When things heat up, most solids expand as higher temperatures cause atoms to vibrate more dramatically, necessitating more space. But some solid crystals, like scandium fluoride, shrink when heated — a phenomenon called negative thermal expansion.
Now, by measuring distances between atoms in scandium fluoride crystals, scientists think that they have figured out how that shrinkage happens. While the bonds between scandium and fluorine stay fixed when heated, the fluorine atoms in the crystal are free to wiggle around a bit. That mix of rigidity and flexibility causes the crystal’s sides to buckle, the researchers report online November 1 in Scientific Advances.
“Some of the biggest challenges in our field have to do with answering questions about solids” with structures similar to scandium fluoride, says Jason Hancock, a physicist at the University of Connecticut in Storrs, who was not involved in the study. Solving the mystery of negative thermal expansion in scandium fluoride may help physicists understand more about similar materials, such as copper-based superconductors, which transmit electricity without resistance but still at temperatures too low to be of much practical use (SN: 12/8/17).
Scandium fluoride “is the simplest material where this phenomenon was present in full strength, and that allowed us to disentangle what actually is happening,” says Igor Zaliznyak, a physicist at Brookhaven National Laboratory in Upton, N.Y. The molecular jiggling that allows scandium fluoride to shrink is probably similar in other materials, Zaliznyak says.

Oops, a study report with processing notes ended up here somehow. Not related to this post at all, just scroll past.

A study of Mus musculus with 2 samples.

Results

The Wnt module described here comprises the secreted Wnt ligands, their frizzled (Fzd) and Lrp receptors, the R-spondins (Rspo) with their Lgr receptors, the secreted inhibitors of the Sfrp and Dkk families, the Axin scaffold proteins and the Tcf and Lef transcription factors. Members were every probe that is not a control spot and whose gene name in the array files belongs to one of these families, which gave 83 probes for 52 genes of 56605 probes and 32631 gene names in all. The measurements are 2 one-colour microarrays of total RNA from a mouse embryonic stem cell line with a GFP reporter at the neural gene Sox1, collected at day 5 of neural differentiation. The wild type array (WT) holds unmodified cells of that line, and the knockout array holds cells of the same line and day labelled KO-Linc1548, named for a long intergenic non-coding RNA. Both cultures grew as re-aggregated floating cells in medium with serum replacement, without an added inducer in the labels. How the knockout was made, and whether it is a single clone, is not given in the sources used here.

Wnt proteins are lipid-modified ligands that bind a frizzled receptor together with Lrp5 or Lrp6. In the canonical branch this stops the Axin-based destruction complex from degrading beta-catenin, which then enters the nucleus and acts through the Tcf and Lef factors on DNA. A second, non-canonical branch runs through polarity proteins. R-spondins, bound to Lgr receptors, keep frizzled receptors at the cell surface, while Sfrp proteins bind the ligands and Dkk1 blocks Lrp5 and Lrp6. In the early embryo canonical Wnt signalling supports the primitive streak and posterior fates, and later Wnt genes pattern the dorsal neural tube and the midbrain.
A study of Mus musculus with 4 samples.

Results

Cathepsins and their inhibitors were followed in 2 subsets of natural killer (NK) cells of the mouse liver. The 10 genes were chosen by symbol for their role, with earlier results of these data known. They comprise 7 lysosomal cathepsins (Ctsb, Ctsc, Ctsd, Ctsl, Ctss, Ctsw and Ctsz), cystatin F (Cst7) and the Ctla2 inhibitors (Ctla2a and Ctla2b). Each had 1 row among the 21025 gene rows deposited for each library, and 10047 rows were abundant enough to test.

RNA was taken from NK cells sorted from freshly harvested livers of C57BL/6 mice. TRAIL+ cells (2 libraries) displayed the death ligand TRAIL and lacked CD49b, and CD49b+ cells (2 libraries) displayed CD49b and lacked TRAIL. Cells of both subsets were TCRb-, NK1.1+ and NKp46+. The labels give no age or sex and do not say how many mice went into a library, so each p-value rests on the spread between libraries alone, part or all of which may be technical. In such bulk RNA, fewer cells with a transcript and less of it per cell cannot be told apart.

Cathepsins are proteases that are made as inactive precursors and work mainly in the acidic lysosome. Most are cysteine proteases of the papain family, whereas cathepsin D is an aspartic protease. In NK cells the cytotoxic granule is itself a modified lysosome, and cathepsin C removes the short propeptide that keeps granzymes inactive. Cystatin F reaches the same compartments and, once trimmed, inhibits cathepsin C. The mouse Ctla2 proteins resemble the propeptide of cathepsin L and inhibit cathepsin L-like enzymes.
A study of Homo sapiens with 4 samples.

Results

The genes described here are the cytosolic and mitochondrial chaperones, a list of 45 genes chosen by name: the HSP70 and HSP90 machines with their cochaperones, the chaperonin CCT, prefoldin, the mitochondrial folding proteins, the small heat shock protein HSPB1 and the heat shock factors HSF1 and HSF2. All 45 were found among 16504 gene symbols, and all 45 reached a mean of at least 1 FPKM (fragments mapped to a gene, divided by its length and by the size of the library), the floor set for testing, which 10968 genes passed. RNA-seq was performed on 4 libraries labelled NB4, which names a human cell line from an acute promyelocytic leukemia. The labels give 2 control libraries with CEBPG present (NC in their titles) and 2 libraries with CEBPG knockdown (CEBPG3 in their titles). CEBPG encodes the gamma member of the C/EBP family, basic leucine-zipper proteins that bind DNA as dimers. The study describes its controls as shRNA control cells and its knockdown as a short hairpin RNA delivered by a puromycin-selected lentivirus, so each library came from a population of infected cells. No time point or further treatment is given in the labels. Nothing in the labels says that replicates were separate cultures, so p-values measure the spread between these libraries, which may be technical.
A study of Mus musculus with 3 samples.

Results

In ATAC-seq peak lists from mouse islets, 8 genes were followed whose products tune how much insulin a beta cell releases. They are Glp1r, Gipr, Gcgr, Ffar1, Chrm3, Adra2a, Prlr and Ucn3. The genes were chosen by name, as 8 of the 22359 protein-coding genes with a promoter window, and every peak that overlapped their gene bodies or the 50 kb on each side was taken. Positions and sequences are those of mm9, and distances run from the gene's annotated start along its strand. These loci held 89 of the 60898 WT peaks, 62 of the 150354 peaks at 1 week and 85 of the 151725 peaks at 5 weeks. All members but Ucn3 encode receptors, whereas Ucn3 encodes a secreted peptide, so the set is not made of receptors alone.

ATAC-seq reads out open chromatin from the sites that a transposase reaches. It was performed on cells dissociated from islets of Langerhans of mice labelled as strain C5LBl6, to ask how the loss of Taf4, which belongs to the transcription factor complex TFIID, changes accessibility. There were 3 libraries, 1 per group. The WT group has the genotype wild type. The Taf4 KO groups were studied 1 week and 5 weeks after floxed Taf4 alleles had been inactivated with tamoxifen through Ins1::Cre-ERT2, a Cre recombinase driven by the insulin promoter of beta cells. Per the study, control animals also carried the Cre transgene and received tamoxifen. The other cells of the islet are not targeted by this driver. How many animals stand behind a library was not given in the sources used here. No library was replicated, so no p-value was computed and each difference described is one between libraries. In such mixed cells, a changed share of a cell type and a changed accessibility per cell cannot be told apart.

The team figured out the mechanism using a technique called total neutron diffraction. The researchers bombarded scandium fluoride with a beam of neutrons and recorded how the subatomic particles bounced off of the crystals at temperatures up to 1,100 kelvins (about 827° Celsius). By analyzing the scattering patterns, the scientists calculated the likely distances between pairs of atoms.
The distance between scandium and fluorine atoms was roughly the same when heated, implying that the chemical bond between the two is rigid. The same proved true for spacing between individual scandium atoms. But there was a huge range of distances between fluorine atoms, indicating that their positions in the crystal’s atomic lattice are more flexible. This combination of fixed and variable distances between atoms, the researchers say, keeps the crystal roughly in its cubic shape while allowing its sides to buckle and compress.